The hill of Tara, the hill of Uisneach and Clonmacnoise
The Hill of Tara
The Hill of Tara was once the ancient seat of political and religious power in Ireland – 142 kings are said to have reigned there. Ancient Irish mythology tells us that this was a sacred place of dwelling for the gods, and was the entrance to the otherworld. Long before the Kings moved in, megalithic passage tombs were built on the hill. The oldest is called the Mound of the Hostages, dating back to between 2500 B.C. and 3000 B.C. The passage was subdivided by sill stones into three compartments each containing cremated remains. From the entrance gate you'll have a good view of an intricately decorated stone. It is not clear what the engravings mean; however, historians and archeologists say that the engravings may represent the sun, moon or stars as religious symbols or that the stone may represent a prehistoric calendar.
There is a fascinating 4,500-year-old structure, rivaling England's Stonehenge, at the Hill of Tara that was re-created by archaeologists and computer-graphics experts. This is most likely Tara's oldest monument. It is an excellent representation of a huge, wooden monument that was used for inauguration ceremonies and pagan burials of Ireland’s high kings. It is estimated the mound was raised in about 3,000BC around the same time the pyramids of Egypt were created.
Tara was the coronation place of the country’s pre- Christian kings. Check out the pillar stone, the Lia Fail. Legend has it that when the true king of Ireland stood on this phallic symbol, it would roar.
The Hill Of Uisneach
The Hill of Uisneach is located in the middle of the country in County of Westmeath, about half way between Dublin and Galway. This was the ancient seat of the Kings of Meath. It has as much significance as the Hill of Tara. Uisneach is famous for serving as a meeting place for cattle rituals, Beltane fires and Druidical ceremonies. It is claimed that St. Brigid received the veil from St. Patrick on this site.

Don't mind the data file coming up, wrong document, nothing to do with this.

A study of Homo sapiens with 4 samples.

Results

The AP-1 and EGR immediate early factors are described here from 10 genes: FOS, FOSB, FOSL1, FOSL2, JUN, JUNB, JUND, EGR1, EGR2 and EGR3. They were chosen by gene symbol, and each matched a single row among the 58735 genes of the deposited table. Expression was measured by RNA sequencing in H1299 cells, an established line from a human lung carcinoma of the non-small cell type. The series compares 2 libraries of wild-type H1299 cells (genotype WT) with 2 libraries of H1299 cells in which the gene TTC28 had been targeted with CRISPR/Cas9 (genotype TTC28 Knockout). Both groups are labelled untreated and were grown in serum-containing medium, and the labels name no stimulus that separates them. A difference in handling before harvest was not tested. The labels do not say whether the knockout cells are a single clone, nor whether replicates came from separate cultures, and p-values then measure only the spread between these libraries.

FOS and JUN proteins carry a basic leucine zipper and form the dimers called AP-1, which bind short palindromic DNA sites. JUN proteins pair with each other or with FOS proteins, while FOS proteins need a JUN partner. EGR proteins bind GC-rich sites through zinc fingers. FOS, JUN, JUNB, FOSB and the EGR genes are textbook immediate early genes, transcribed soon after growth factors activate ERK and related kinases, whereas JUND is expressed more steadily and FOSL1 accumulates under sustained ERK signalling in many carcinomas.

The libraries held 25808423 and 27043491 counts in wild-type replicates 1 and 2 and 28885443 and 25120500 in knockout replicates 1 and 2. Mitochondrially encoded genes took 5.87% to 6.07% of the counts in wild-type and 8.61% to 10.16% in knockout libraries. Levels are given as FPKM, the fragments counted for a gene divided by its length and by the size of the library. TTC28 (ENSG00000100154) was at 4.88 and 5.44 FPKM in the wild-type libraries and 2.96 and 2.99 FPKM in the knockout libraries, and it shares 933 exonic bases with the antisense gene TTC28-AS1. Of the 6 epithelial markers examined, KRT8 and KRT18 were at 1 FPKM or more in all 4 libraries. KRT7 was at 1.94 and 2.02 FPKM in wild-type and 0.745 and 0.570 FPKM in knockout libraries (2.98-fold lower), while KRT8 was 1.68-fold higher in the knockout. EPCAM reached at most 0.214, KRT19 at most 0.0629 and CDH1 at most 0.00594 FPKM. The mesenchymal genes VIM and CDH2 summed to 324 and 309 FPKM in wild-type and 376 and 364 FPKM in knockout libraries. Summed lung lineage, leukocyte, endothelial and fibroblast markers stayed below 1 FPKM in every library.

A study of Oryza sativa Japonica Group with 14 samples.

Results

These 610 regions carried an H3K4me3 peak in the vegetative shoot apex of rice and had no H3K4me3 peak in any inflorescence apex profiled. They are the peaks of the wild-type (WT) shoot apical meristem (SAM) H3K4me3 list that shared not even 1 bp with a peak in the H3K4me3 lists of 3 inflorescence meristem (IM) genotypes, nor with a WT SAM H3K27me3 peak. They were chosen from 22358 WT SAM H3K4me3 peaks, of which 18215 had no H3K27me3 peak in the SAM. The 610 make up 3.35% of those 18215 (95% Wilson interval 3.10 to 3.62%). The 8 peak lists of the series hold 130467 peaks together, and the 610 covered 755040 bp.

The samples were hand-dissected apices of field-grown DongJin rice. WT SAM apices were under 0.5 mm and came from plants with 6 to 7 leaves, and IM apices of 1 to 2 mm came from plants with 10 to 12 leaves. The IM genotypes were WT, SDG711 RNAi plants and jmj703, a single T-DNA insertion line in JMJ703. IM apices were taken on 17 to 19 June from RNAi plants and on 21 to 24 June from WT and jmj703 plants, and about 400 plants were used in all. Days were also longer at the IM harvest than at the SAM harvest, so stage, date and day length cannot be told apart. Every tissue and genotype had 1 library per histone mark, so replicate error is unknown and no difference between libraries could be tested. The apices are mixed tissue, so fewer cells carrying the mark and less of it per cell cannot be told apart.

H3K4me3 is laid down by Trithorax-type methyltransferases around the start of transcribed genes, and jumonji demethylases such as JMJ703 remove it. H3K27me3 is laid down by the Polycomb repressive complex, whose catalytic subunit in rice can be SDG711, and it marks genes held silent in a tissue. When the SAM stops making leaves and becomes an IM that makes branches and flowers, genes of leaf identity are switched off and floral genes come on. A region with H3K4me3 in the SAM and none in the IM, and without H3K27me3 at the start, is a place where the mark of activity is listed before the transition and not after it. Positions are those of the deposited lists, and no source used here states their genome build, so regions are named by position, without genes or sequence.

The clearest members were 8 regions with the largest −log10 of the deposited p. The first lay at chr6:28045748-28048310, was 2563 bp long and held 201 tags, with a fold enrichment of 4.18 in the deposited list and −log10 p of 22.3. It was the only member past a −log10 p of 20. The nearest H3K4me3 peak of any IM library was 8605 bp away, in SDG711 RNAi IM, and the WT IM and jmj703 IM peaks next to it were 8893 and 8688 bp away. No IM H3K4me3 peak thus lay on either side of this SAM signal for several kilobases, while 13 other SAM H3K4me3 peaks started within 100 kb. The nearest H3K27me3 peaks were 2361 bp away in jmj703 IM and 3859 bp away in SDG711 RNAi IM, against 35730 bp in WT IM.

The most famous feature on Uisneach is the CAT STONE, named so because it supposedly resembles a cat watching a mouse -check it out and see what you think. It is a huge limestone boulder said to mark the centre of Ireland.
To be truly transported back in time, visit Clonmacnoise with its 700 cross slabs and high crosses. Just south of County Westmeath, in County Offaly, a short distance from Athlone, you'll find this breathtaking monastic site. The extensive ruins include a cathedral, castle, round tower, numerous churches, two important high crosses, and a large collection of early Christian grave slabs (the last two on display in the excellent site museum).
Clonmacnoise was founded in 548 by St. Ciaran, the son of a master craftsman. The settlement, right on the river Shannon, was a major center of religion, learning, trade, craftsmanship and politics. The last high king of Ireland, Rory O’Connor, was buried in the Clonmacnoise cathedral in 1198. The monastic site was designated a national monument in 1877 and is now overseen by the Office of Public Works.
Talk about old, the largest of the churches at Clonmacnoise is the Cathedral, originally built in 909 by the King of Tara and the Abbot of Clonmacnoise. Check out the doorway with its fine carvings of Sts. Dominic, Patrick and Francis. Next take a look at two remarkable crosses. The Cross of the Scriptures one of the finest high crosses in Ireland containing intricate carvings. Dating from about 900 AD, the cross stands 13 feet high and the South Cross, standing about 12 feet high.
In 1534 the catholic religion was forbidden by the English King Henry III and Clonmacnoise was abandoned.